Khizr Khan Would Love to See Shariah Law in the US
Khizr Khan, the Muslim father of a slain American soldier, is an attorney who has previously written in a law journal about Islamic law. He specifically wrote about the purity of the Quran and the Sunnah over all other texts and interpretations.
Khan rose to fame after speaking at the Democratic National Convention Thursday and pulling out a pocket U.S. Constitution imploring if Donald Trump had even read it.
Khan wrote “Juristic Classification Of Islamic Law” in the Houston Journal of International Law in 1983. In it he breaks down different levels of Islamic law. Khan writes that the Quran and the Sunnah which were both directly created by the Muslim prophet Muhammad were the only sources in Muhammad’s lifetime that “were recognized as binding.”
“The Shari’ah-was completed during the lifetime of Prophet Muhammed, in the Quran and Sunnah. This brings up an important fact which is generally overlooked, that the invariable and basic rules of Islamic Law are only those prescribed in the Shari’ah (Quran and Sunnah), which are few and limited,” Khan continues to write. “All other juridical works which have been written during more than thirteen centuries are very rich and indispensable, but they must always be subordinated to the Shari’ah and open to reconsideration by all Muslims.”
In the journal article, Khan goes on to explain the importance of Islamic laws and interpretations to Muslim followers. He writes that: “The present form of the Quran is one and the same in every part of the Muslim world, and it has been so all through the centuries. This, Muslims believe, is due to the fact that the compilation and arrangement of chapters was completed-under divine instructions-by the Prophet himself.”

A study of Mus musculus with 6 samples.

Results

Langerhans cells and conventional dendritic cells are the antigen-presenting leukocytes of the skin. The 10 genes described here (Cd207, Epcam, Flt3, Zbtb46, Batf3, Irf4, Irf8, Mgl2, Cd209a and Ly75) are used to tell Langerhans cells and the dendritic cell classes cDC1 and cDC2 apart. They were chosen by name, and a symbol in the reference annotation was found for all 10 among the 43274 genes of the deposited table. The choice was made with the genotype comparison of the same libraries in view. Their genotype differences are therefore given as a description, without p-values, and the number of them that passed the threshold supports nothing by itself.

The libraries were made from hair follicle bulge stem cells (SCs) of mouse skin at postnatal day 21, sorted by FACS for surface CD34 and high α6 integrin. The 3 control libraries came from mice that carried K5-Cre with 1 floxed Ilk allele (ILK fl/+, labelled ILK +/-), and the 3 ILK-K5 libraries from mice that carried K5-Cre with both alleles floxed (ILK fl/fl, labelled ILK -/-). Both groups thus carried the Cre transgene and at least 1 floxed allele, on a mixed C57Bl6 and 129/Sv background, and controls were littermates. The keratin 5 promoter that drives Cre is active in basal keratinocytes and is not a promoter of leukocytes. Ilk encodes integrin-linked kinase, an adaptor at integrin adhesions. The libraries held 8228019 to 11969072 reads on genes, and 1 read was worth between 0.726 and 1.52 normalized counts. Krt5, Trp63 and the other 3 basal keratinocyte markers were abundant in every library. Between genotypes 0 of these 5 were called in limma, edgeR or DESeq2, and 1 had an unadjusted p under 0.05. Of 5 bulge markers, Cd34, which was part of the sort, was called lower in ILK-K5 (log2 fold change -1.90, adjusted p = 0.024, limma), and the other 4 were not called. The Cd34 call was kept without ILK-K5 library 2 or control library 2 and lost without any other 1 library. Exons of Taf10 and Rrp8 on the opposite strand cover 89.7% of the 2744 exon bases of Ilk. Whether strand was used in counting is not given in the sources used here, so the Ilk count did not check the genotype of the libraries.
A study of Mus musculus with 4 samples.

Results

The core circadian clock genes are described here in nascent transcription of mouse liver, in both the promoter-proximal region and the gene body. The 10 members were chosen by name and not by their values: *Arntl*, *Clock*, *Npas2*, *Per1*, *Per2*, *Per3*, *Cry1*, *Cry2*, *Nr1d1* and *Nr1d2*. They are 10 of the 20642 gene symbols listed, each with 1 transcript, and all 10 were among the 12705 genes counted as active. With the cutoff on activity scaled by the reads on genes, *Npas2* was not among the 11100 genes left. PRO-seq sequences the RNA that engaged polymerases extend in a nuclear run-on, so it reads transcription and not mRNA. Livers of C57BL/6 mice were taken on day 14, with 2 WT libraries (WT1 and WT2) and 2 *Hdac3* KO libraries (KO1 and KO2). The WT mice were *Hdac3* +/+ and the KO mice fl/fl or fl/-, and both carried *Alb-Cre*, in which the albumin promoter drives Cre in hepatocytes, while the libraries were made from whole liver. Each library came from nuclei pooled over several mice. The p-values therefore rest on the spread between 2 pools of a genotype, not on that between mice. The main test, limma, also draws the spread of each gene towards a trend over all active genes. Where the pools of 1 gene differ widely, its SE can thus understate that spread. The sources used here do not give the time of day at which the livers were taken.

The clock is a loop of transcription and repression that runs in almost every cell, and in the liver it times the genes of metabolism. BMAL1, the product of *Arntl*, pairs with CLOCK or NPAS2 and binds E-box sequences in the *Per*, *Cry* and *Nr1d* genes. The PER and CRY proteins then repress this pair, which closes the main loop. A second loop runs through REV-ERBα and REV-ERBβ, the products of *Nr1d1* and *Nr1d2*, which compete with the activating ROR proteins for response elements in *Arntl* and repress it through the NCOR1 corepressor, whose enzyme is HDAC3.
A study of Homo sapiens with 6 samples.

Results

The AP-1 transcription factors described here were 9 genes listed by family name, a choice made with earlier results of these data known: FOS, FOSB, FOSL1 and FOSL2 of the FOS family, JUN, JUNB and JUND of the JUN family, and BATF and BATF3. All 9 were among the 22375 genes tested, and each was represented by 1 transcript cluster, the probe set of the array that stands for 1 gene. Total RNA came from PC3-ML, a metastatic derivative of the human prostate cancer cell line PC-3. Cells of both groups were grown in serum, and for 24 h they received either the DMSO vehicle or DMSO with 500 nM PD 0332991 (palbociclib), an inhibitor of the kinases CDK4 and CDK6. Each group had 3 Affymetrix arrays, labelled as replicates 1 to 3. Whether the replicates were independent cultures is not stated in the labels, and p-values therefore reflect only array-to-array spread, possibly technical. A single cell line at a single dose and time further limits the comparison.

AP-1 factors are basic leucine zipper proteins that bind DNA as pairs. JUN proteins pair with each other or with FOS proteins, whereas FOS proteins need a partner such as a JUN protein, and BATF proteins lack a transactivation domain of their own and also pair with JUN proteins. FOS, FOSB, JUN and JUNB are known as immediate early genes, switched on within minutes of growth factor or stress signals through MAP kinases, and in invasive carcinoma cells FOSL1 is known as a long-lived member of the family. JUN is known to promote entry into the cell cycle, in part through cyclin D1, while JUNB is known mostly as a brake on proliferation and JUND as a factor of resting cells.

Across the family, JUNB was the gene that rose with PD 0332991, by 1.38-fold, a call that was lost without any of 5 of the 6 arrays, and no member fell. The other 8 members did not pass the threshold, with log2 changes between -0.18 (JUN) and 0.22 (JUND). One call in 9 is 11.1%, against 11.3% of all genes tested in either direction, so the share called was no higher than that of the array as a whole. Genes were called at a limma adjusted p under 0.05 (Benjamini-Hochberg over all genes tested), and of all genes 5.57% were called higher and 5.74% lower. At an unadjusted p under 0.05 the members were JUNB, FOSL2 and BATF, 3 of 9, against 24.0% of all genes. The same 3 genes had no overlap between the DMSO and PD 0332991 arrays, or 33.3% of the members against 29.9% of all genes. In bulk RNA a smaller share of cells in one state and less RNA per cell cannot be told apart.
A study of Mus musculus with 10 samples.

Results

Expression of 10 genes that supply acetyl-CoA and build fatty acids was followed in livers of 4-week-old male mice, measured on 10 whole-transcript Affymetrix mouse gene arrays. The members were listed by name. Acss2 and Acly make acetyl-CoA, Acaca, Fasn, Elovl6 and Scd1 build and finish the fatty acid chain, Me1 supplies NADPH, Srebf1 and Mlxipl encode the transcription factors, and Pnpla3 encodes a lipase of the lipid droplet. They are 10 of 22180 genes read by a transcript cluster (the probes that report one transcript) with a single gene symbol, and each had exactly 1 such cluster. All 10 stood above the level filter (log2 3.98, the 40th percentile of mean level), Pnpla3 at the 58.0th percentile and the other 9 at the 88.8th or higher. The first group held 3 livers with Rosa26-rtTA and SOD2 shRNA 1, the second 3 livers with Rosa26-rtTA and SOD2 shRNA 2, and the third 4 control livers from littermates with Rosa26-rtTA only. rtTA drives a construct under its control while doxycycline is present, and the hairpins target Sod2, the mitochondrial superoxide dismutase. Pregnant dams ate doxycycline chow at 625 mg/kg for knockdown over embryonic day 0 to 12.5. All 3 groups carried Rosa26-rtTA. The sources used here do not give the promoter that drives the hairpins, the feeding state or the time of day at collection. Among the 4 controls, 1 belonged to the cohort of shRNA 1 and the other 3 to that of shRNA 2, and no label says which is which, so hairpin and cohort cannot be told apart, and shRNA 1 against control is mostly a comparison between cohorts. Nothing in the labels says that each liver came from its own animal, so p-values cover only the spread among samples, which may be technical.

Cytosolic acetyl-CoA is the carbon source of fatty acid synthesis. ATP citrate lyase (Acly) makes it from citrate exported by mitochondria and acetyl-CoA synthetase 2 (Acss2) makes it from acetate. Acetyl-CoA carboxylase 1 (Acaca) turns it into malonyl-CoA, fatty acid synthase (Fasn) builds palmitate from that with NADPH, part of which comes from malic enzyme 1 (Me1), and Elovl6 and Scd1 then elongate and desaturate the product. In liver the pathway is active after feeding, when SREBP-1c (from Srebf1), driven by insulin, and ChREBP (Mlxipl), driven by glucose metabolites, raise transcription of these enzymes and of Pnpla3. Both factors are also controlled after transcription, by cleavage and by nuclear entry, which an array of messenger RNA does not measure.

It is due to this that Khan writes,
“to Muslims, the Quran being the very word of God, it is the absolute authority from which springs the very conception of legality and every legal obligation.”
The Muslim attorney writes that, “it has to be admitted, however, that the Quran, being basically a book of religious guidance, is not an easy reference for legal studies. It is more particularly an appeal to faith and the human soul rather than a classification of legal prescriptions.” Khan added that, “the major portion of the Quran is, as with every Holy Book, a code of divine exhortation and moral principles.”
The attorney has law degrees from Punjab University in Pakistan and Harvard University.
Khan then goes on to write about the Sunnah. This is the “human, though prophetic, clarification of the Quran by Muhammed.” The rest of the journal is about interpretations of Islamic law by Islamic jurists distant from Muhammed himself. These are called Qiyas.
Khan includes quotes from Islamic scholars from Qiyas. One of them from Said Abu Hanifa, who says it is, “slanderous is their saying that we give our qiyas any priority over the Shariah. Do we need opinion when there is a sacred text?”
A short biography of Khan in the journal article says that he is the author of “In Defense of OPEC” and “Legal Index of the Quran.” It also lists that he is the co-founder of Journal of Contemporary Issues in Muslim Law. Both these texts and the journal were not able to be found in a search of academic databases.